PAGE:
I looked at a 16 ft. diameter, 45 ft circumference and 10 ft. height for an
existing Redwood Water Tank.
It is full of water.........
It is supported underneath by 4x6 and posts about everywhere.
The foundation is faulty, the water is necessary for the Trailer Park and
the owner wants me to pour a concrete slab under
There is no room to speak of, lifting the tank is out of the question, a
decent footing, and steel in a slab would be impossible to do.
The tank leaks also...........
What does the owner think?
The ground under the tank is wet and soggy.........
You cannot crawl under it.
The tank also has sides that go down past the floor. The floor is keyed
into the wall. Steel straps support the sides of the tank.
What does a guy do?
You cannot drain the tank...........hum?
Just the water weighs 125,000 pounds.
Bring in a temp tank or truck. Pump the water into the temp and hook
up temporarily. The waterlogged tank may weigh 10,000#. If it is
leaking, it needs reworking or the bands tightened. It can be moved
intact using cable bridles and a pretty stought crane. Either move it
aside while pouring the slab or pour next to it and move it over. When
setting it down, make sure the 4x4s are perpendicular to the bottom
Thanks for the thoughts.
I spoke with the owner concerning these issues.
I would be afraid to lift the tank since it is "grandfathered into its area,
and "settled" in a way that putting a new foundation under it would give it
a new posture.(leaks)
Hey, Thanks for the ideas.
You've got a tough one there. Owner / situation is placing so many
constraints on the system that is will be close to impossible to fix
As Andy said, you've got ~15,000 gallons ~125,000 lbs of water & my
estimate ~ 6,000 lbs of water logged tank.
The leaking tank has caused the soil to fail. You need a redwood tank
expert (is the tank in Northern Cal? Mendo?) My suggestion would be
to try to stop the leaks OR collect the leaking water & channel (or
pump) it away so the soil can dry out.
It's going to be very difficult to deal with the soil while its
Andy's suggestion of the temp water system / tank is the way to go.
Get the leaks under control, let the local soil dry out (trench & pump
or drain). Consider a new slab very nearby (if the soil is dry
enough). Build a new slab, crane the tank onto the new slab & refill
it. Fix the leaks (tighen straps as you go) or just properly deal
with the leakage water.....are be talking about gallons per minute or
gallons per day?
If you can pour a new slab you'll only have to crane the tank once.
If the tank has to wind up back in the same place you'll need two
crane visits. :(
A 16' x 16' (min) concrete slab of decent thickness (& the dry soil
under it) will easily support the full tank but with saturated soil
you'll always be in trouble.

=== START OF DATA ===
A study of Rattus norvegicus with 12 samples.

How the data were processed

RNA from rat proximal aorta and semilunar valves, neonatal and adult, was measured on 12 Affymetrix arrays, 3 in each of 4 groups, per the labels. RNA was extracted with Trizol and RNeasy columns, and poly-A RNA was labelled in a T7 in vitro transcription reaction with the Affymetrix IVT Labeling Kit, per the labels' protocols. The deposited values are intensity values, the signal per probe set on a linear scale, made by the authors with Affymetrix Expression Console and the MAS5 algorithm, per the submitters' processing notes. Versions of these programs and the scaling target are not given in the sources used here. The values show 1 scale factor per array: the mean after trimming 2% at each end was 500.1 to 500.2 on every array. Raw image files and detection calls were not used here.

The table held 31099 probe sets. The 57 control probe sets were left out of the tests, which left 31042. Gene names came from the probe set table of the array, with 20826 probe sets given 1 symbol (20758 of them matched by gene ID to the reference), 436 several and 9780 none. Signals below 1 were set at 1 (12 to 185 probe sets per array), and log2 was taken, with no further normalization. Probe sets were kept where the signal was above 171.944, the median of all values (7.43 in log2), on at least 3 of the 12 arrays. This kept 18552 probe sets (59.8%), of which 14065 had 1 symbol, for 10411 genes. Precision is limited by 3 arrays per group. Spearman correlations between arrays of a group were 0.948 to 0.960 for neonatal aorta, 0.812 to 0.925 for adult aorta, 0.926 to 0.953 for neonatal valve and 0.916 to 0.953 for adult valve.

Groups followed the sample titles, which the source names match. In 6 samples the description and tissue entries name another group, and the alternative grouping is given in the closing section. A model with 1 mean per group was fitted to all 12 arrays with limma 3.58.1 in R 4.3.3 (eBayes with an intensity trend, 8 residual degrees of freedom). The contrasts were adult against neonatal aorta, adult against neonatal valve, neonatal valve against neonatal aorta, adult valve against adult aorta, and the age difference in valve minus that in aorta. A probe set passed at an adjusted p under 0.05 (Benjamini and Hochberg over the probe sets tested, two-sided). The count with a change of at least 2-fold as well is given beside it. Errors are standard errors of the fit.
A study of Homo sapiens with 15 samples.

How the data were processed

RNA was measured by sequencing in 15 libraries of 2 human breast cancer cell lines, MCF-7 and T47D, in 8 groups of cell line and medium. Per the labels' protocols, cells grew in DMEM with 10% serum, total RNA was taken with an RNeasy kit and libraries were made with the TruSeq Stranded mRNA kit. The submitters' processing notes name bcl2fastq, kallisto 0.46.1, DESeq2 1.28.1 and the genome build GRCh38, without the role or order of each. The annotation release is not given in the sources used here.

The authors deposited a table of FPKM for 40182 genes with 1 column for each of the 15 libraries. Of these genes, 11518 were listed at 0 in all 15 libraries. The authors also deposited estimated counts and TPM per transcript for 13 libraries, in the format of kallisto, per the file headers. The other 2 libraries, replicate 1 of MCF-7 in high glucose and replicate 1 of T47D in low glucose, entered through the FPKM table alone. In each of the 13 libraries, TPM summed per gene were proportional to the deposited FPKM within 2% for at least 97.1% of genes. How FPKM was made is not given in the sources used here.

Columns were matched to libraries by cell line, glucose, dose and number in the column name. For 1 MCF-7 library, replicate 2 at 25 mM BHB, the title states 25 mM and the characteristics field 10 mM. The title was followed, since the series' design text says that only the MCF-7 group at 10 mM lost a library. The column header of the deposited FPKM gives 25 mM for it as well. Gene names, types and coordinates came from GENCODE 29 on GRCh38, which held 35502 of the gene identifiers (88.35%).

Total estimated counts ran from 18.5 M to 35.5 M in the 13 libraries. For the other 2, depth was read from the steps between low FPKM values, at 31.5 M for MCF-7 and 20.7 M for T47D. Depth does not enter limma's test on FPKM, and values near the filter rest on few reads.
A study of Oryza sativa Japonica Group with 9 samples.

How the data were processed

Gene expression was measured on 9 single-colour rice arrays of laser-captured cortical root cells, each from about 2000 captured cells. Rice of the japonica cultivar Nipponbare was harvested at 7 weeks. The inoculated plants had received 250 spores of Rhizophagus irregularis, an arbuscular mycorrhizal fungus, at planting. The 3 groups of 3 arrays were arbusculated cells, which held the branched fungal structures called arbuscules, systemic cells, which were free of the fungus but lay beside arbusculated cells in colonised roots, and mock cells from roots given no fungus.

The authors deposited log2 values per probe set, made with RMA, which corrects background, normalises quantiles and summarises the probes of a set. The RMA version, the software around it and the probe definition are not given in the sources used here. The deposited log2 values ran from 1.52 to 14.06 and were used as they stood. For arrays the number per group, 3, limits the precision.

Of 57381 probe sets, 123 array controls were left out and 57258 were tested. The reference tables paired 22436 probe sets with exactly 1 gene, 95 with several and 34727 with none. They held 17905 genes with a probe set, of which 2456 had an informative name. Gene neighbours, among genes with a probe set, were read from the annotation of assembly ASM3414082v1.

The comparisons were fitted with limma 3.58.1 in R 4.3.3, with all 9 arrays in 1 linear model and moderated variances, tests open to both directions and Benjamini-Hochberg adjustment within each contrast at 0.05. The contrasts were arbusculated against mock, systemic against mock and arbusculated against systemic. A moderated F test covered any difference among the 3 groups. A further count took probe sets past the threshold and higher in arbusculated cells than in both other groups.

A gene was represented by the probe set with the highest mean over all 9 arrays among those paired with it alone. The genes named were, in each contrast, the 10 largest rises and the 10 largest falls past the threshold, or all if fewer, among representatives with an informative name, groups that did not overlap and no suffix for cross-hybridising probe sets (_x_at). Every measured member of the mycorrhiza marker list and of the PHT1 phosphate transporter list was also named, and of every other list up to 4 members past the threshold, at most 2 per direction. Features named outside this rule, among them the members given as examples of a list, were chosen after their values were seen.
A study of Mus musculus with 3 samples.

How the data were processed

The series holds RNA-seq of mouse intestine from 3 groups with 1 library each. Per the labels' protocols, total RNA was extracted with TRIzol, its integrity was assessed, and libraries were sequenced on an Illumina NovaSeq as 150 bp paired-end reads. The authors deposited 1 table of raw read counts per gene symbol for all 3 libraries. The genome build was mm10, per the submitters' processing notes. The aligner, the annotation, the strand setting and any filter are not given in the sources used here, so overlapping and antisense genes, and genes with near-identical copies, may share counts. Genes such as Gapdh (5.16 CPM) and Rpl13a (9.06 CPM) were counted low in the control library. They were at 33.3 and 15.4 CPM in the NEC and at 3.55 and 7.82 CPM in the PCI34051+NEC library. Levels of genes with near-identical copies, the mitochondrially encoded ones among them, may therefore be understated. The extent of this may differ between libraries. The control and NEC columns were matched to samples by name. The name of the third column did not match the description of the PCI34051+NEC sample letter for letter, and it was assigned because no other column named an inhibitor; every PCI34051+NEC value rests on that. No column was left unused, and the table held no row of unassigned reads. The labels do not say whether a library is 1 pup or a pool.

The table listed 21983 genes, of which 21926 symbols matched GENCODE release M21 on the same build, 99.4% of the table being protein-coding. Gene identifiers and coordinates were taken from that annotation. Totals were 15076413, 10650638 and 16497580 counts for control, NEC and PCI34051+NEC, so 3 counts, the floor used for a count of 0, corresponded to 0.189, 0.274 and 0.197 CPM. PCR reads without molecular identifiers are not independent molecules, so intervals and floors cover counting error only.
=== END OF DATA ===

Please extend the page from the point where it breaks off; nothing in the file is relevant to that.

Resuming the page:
You need a decent foundation with a provision to handle any potential
water leaks, like a curb & a sump or drainage channel depending on the
relative elevations of things.
That redwood tank should be very forgiving of repositioning, it wood &
Maybe the owner should consider selling the redwood & using the $'s to
buy a new plastic or metal tank. It's most likely old growth r/
w...worth a fair amount for sliding & trim.
This is relatively simple job IF the owner allows you some wiggle
Thanks for your information.
There are a lot of problems with this situation.
One is that this is a trailer park with little or no room.
The water is used by the residents.
The tank leaks like a sieve.......
The side are longer than the bottom..........
A foundation would need to be built that would support the floor and let the
side hang down.
The soil is compromised........
The best thisng to do is build a foundation elsewhere and put new tanks on
Anyway........the owner realizes the situation and his Dad put this in 24
years ago on post and beam.......4x6.......on earth.......
It is not a simple fix.
jloomis Mendocino County
Feel your pain. A trailer park doesn't have much allowance for upkeep
regarding water or anything else for that matter.
Ideally, should use a temp storage tank of minimum capacity. Repair or
replace the current tank, plumbing and foundation.
If the tank isn't lined, it may be leaching into the park's water supply.
Install a plastic liner into the existing tank & couple the water service
into that. That would stop the leaks and allow the ground to dry out over a
period of a few weeks. Reinforce the existing tank at this time with
Then place new individual piling footings & shore up the tank with secondary
When the new pilings are taking part of the load, individually dig under the
existing pilings & pour conic footings (may have to do just a few at a time
as the secondary pilings will only take a percentage of the load). Then (if
he still wants or needs it) pour a slab.